Steve Williams announced his candidacy – again – during a speech at the United Mine Workers of America’s Labor Day celebration in Racine, West Virginia. The three-term, term limited mayor of Huntington told the audience to expect an official announcement next month and said he will be filing at that time. Williams also announced his intentions during Huntington’s Juneteenth celebration.
Perhaps convinced that no other viable Democrat will run against him, the current Huntington Mayor has yet to file to run for Governor. The only real advantage to pre-filing for the race is to raise and spend money. Money will be a very important commodity for any candidate in any party in the governor’s race.
In 2020 Democrat nominee Ben Salango raised just over $1.5 million while spending just over $2 million. Almost half of that money was on hand in the 4th quarter of 2019 and more than half of that came from a $500,000 personal loan Salango made to his campaign. Salango’s expenses during that fourth quarter included a host of consultants and researchers who undoubtedly prepared him for the campaign’s official filing date. While he filed pre-candidacy in early October, he officially filed on January 17th.
Despite the downturn in Democratic party voters across the state, Salango had four challengers in the primary including then Senator Ron Stollings and WV Can’t Wait organizer Stephen Smith. Salango would go on to with the Democratic nomination by around 9500 votes over Smith. Salango has said he is not running for governor in 2024.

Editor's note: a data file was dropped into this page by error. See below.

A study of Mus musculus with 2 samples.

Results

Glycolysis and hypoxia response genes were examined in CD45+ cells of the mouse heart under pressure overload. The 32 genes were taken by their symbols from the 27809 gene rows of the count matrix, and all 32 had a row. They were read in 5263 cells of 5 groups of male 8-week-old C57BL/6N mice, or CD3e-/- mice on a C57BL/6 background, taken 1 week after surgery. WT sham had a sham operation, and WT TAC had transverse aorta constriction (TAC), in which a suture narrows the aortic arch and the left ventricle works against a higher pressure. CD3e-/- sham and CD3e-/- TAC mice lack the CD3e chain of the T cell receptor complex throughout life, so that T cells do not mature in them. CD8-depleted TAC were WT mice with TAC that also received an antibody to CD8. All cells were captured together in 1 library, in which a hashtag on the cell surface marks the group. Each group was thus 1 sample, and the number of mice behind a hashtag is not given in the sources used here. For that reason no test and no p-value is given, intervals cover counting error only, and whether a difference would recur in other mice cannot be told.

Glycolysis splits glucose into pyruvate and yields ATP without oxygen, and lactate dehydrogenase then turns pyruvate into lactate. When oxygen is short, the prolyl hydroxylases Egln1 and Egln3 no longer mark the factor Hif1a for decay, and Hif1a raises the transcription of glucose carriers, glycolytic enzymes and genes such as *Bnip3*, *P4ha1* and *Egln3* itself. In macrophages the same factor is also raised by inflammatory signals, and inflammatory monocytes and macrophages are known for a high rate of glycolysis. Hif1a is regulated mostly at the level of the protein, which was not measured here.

Stephen Smith (33.8%) came within 4% of besting Salango (38.7%) in the primary despite a significant fundraising disadvantage. Smith had organized and fundraised for 15 months longer than Salango. However, another 27% of the vote was committed between three other candidates.
Ultimately in the general election, Salango lost to Jim Justice by more than 260,000 votes.
The aforementioned “slow walk” by Williams appears to mirror the steps taken by Salango. However, should another candidate like Smith enter the race Williams will need to generate a substantial amount of cash to kick off the primary. This may prove harder with fellow Huntingtonian Chris Miller already in the Republican race for governor.
Should Williams succeed in being the only viable Democratic nominee he will require millions of dollars to compete against any of the top three Republican front runners (Morrisey, Capito, and Miller). All of whom have outpaced Jim Justice’s fundraising at this same point in the 2020 election.
Having a well-known Democrat on the ballot does provide voters with a choice in the general election. The August totals from the Secretary of State’s office show there are 369,393 Democrats – 462,733 Republicans – and 280,296 Unaffiliated voters in West Virginia. Those totals show 105,568 fewer Democrats than during the 2020 primary election.